Archbishop Terrence Prendergast
OTTAWA – As the first Jesuit pope, Pope Francis' Ignatian spirituality can help him discern God's will and reveal the Gospel in a new way, says Ottawa Archbishop Terrence Prendergast, a fellow Jesuit.
The spiritual disciplines of the Society of Jesus' founder St. Ignatius of Loyola help one determine "what God is calling me to do in this particular circumstance at this particular time," said Prendergast.
"As a society, we need to let the Holy Spirit guide us in a way that is unique to each one of us," he said.
Though Ignatius might not have used the same terms, the archbishop said, "The way God speaks to me is unique to me, as distinct as my fingerprints, my DNA and the iris of my eyes."
When Pope Francis was Jesuit provincial in Argentina during the 1970s, he insisted on Ignatian spirituality as opposed to the liberation theology that casts the Gospel through a Marxist lens.
Jesuits have been on the forefront of liberation theology in South America.
Prendergast said it is natural for Jesuits to be concerned about the plight of the poor. "Social inequalities had to be addressed" in South America, and "Jesuits went there to use their intellect and their passion for the poor to bring that passion together with the Gospel."
The approach that Father Jorge Bergoglio would have taken is "to always keep the love of the poor coupled with the Gospel" and not go to Marxism, "which sets up class warfare," and "division, not what the Gospel calls for," he said.
"Some can emphasize social justice to the point that they lose their faith," said Prendergast. Others can stress the faith so much they do nothing for the poor.
The archbishop said when Bergoglio stepped out onto the balcony of St. Peter's Basilica, Prendergast was in Toronto with a group of young Jesuits. He was "surprised," and "stunned."
"That the cardinals would have chosen one of us - we were speechless," he said.
The archbishop sees Pope Francis as neither a conservative nor a progressive. All bishops must be conservative in the sense that they preserve the Gospel, but while preserving the teaching they must find innovative ways to "present it in a way that meets the needs of the people today.
One way the new pope showed a spirit of innovation as archbishop of Buenos Aires was in how he invited poor families to baptize their children.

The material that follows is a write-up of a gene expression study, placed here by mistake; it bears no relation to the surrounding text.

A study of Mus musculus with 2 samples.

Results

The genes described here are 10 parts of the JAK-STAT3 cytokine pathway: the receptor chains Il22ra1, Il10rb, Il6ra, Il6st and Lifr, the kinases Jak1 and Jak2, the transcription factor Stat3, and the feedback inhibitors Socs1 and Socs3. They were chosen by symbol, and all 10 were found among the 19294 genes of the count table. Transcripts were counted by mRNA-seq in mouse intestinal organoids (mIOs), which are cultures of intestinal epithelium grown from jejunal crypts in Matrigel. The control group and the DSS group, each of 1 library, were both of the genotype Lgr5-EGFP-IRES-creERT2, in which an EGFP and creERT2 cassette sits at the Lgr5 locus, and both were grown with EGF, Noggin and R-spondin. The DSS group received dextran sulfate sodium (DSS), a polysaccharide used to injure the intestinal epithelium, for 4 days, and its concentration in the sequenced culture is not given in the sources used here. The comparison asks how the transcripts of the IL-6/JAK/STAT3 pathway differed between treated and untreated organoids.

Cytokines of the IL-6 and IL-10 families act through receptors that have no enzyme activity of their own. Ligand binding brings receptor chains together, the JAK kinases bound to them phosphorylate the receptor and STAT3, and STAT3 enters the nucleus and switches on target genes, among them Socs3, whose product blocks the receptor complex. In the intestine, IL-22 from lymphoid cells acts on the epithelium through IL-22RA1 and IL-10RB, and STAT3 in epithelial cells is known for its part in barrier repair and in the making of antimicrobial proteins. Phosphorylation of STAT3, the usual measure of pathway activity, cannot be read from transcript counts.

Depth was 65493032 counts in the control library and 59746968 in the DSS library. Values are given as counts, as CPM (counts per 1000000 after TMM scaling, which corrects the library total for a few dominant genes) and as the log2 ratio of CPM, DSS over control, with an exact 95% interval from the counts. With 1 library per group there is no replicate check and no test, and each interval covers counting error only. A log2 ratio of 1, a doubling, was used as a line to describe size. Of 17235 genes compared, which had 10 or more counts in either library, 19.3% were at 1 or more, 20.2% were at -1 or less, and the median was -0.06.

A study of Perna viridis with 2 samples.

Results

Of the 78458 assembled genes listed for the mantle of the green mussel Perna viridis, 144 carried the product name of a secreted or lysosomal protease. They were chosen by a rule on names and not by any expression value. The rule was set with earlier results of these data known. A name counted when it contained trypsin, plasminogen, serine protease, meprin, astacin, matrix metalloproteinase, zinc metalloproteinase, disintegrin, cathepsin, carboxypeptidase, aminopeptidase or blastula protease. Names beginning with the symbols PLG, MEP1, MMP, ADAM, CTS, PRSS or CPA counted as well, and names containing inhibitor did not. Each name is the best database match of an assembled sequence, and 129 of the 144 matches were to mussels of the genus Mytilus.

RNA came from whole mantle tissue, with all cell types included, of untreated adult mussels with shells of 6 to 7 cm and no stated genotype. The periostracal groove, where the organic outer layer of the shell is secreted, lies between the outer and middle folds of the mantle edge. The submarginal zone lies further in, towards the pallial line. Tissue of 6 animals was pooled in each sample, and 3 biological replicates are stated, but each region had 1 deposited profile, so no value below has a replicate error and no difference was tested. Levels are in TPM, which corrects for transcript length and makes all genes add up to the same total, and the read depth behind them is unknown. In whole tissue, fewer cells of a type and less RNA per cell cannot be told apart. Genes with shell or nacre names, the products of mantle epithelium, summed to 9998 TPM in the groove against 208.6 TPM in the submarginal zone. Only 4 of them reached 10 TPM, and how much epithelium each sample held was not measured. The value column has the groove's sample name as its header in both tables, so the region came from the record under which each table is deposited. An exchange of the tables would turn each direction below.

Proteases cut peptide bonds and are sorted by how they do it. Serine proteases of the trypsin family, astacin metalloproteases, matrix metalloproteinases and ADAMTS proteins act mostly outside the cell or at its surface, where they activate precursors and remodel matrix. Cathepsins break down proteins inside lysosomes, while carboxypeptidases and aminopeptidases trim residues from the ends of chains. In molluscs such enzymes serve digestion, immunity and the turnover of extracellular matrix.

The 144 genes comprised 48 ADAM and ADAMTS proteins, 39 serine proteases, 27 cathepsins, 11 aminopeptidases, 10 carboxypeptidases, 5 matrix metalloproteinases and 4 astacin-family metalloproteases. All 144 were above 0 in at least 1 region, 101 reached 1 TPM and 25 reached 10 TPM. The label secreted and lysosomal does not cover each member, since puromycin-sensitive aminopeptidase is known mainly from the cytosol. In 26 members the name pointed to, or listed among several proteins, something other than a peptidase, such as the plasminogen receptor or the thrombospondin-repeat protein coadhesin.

Bergoglio noticed many families were not bringing their babies in to be baptized because they could not afford to throw a big party as Argentinian society expected, Prendergast said. So, he had the Church throw the party so the Baptisms could take place and the families would experience no shame.
Some of the new pope's gestures of humility may be signs of the different way he hears God's message and how he wants to proclaim it, Prendergast said.
"How successful he will be will depend on his stamina and his stick-to-itiveness."
While Pope Francis' humility has been a focus of media attention, some reports have also drawn attention to what has been described as his strict demand for obedience as Jesuit provincial.
Prendergast explained how the Jesuit vow of obedience can be misunderstood. "What I understand about (Pope Francis) is that he's a listener. That's what a provincial is called to do," he said.
The obedience called for is not a "blind obedience" but an interplay of discernment between the superior and the priests, he said.
"It's only at the end of the process where I person says, 'I don't want to do that; and the provincial says, 'Well, that's what I think God wants you to do,'" that Jesuit obedience means "in the end, I do what I'm told."
But the process can take a long time, he said. A provincial needs to listen well to know the thoughts, desires, faults, illnesses and gifts of those under him to "assign them to the best use of their talents for the kingdom of God and society," Prendergast said.